It began more than 20 million years ago, when the Earth's crust, stretched thin along the floor of a growing rift valley, unleashed immense outpourings of lava. In a series of cataclysmic events, 15,000 square miles of what is now the part of the American West from Yellowstone to Oregon were buried beneath thousands of feet of molten rock.
Today, this arid landscape is dotted with sagebrush and dissected by deep ravines and canyons. Named after the stream that etches a serpentine line across its length, Idaho's Snake River plain gives little hint of its fiery past--or of the wealth that lies below.
Drawn from rain, snow and rivers, and secreted in fractures and tiny pockets of the porous volcanic rock, a vast store of water lies beneath the plain. This underground river moves covertly until interrupted by the Snake River valley, a 40-mile stretch of river-cut cliffs. Here, in torrents and trickles, more than a million gallons of water a minute spring and seep from sheer rock walls. The water is crystal-clear, well oxygenated, a near-constant 58 degrees--and a trout farmer's dream come true.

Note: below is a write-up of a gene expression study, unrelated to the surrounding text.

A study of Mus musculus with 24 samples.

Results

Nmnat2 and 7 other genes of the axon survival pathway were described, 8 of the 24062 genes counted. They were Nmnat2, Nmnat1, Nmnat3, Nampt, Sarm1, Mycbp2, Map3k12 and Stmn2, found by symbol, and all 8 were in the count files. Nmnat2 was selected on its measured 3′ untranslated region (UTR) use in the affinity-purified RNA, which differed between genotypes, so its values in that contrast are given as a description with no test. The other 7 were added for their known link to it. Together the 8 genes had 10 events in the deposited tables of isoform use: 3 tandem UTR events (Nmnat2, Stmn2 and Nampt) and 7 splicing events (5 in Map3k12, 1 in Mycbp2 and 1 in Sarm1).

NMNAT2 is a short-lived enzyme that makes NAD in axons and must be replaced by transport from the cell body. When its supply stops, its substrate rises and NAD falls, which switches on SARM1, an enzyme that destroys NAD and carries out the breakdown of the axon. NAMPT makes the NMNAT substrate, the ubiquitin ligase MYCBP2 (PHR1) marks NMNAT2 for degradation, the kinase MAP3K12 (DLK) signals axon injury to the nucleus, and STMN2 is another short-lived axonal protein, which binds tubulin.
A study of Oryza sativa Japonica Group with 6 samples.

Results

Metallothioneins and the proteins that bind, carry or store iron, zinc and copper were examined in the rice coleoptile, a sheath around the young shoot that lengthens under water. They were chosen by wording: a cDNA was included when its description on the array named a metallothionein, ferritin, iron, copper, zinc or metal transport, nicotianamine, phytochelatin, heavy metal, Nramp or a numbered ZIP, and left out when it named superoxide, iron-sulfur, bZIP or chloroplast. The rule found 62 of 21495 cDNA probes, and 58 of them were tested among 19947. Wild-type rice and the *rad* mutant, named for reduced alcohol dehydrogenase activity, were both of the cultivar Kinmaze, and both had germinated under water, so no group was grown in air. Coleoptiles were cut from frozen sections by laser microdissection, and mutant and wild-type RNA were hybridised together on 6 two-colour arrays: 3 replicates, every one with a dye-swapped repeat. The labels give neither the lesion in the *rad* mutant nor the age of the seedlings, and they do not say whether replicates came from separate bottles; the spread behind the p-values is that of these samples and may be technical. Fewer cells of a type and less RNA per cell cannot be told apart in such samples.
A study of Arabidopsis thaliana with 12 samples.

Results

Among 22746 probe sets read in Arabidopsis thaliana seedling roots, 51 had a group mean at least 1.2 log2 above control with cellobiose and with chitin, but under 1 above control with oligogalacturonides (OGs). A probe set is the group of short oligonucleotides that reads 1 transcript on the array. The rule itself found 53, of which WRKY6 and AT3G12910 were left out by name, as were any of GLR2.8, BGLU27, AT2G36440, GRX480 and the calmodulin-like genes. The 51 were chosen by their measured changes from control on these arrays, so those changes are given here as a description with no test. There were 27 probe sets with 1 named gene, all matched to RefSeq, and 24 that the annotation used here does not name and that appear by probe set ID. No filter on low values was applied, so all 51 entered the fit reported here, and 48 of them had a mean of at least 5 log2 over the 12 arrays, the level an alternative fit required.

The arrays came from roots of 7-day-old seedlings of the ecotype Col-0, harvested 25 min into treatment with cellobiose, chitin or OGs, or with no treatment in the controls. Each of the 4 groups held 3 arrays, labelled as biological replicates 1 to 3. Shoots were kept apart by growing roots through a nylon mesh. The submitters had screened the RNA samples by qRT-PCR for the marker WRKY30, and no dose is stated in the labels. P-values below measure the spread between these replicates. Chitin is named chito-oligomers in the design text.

The region's potential for aquaculture was first recognized in 1928, when several small trout farms were built in the valley. More farms were added in the years following World War II. Today, three major producers and more than 75 small contract growers harvest more than 40 million pounds of rainbows annually. Clear Springs Foods, the world's largest trout farm, began production in 1966 and now accounts for nearly half of that total.